Wednesday, September 12, 2012

In Standoff, Latest Sign of Unions Under Siege

Steven Greenhouse
New York Times
September 10, 2012

The high-stakes strike by 26,000 public school teachers in Chicago is only the latest episode in which the nation’s teachers’ unions have been thrown on the defensive in the face of demands for far-reaching changes.

In community after community — even in major cities with strong pro-union traditions, like Los Angeles and Philadelphia — teachers’ unions have faced a push for concessions, whether it is to scrap tenure protections or to rely heavily on student test results to determine who gets a raise and who gets fired. 

And now comes this high-profile showdown in President Obama’s own hometown, a labor stronghold. Rahm Emanuel, the Democratic mayor and Mr. Obama’s former chief of staff, is demanding a raft of concessions that are anathema to union leaders and their members. At the same time, with many teachers and their unions already viewed unfavorably by many Americans, the union is taking a gamble by engaging in a battle over changes that some education advocates believe are needed to improve the nation’s schools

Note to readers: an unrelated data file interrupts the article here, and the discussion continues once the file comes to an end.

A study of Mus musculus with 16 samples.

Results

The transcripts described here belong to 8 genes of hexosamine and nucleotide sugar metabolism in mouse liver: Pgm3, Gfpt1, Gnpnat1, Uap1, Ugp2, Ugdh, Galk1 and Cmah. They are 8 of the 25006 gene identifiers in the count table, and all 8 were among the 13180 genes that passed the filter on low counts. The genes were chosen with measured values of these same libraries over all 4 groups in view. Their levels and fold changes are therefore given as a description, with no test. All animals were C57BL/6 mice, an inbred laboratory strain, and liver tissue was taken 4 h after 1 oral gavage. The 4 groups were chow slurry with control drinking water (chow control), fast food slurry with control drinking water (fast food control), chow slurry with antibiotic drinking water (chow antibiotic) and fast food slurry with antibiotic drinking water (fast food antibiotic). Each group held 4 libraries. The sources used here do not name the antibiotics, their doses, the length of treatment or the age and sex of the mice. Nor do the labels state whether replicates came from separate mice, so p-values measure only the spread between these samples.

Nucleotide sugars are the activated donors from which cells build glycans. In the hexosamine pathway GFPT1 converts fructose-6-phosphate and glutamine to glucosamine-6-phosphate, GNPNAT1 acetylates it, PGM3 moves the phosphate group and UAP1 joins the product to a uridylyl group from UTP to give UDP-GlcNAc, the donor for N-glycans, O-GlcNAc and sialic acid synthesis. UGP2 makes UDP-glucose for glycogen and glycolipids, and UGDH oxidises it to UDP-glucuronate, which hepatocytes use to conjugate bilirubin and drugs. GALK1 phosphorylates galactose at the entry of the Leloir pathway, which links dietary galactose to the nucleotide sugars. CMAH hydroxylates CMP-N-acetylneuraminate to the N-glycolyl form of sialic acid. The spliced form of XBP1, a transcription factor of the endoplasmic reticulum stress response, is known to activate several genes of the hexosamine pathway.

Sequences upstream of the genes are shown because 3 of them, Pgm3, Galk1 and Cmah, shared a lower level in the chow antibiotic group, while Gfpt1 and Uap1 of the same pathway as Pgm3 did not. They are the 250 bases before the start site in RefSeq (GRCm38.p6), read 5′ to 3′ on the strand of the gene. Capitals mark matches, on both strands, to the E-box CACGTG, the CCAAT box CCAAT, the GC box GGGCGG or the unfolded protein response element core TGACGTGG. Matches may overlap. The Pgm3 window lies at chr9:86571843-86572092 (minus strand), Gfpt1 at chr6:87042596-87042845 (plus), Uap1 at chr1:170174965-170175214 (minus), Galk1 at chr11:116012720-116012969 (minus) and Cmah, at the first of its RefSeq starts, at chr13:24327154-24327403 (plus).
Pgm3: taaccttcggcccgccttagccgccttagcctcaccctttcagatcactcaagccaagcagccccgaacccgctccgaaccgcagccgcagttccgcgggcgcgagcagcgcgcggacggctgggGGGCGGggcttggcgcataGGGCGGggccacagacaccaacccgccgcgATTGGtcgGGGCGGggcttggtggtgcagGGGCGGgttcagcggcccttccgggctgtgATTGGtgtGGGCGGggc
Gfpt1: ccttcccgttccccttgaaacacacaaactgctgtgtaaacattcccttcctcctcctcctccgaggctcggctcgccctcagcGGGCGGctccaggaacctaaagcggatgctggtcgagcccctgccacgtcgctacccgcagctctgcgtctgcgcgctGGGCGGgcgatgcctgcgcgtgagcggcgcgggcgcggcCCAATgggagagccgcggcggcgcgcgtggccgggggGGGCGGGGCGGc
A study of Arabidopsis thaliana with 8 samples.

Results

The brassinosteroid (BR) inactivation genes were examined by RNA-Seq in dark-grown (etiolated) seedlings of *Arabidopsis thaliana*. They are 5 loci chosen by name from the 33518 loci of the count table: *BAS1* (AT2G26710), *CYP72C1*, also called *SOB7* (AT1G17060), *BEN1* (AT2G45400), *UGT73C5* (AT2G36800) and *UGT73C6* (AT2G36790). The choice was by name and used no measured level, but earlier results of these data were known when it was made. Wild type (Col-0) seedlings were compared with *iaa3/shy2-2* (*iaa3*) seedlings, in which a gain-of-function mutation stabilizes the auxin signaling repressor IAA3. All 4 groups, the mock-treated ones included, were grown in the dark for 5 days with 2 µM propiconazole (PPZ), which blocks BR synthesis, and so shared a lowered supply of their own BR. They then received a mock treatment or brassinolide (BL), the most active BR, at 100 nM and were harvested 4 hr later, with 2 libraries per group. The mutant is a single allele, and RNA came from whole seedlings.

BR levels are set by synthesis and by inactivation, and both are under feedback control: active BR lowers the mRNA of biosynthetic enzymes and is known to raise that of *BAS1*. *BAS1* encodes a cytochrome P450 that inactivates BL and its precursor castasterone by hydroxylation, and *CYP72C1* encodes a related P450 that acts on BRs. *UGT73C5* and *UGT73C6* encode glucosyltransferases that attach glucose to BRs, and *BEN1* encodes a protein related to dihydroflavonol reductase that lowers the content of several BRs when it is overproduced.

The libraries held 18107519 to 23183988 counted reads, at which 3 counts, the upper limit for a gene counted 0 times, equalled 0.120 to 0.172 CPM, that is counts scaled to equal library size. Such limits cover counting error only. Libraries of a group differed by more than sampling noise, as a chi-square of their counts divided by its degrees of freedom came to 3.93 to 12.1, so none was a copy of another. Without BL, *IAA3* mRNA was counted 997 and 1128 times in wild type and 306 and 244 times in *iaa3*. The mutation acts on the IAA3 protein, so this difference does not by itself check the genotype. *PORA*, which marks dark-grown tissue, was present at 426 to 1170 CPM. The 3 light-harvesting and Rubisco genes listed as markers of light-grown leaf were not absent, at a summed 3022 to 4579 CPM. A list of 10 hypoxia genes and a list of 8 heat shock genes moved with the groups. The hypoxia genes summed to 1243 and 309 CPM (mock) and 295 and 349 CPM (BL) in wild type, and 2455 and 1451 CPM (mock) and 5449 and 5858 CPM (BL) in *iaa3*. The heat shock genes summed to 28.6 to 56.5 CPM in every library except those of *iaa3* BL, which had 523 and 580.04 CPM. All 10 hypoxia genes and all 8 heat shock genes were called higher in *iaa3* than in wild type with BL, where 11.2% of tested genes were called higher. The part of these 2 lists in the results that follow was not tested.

The battle underlines just how much teachers’ unions, which have provided sizable donations and many grass-roots volunteers to countless Democratic campaigns, have been thrown back on their heels in recent years. 

If the famously feisty Mr. Emanuel wins this confrontation, he could set the table for a major setback for teachers’ unions nationwide and a potential rethinking of teachers’ enthusiasm for Democrats in this year’s elections. Advocates of sweeping education changes like Michelle Rhee, the former head of the school system in Washington, will be able to declare that if Chicago’s mighty union was willing to accept such changes, so should teachers’ union locals across the nation.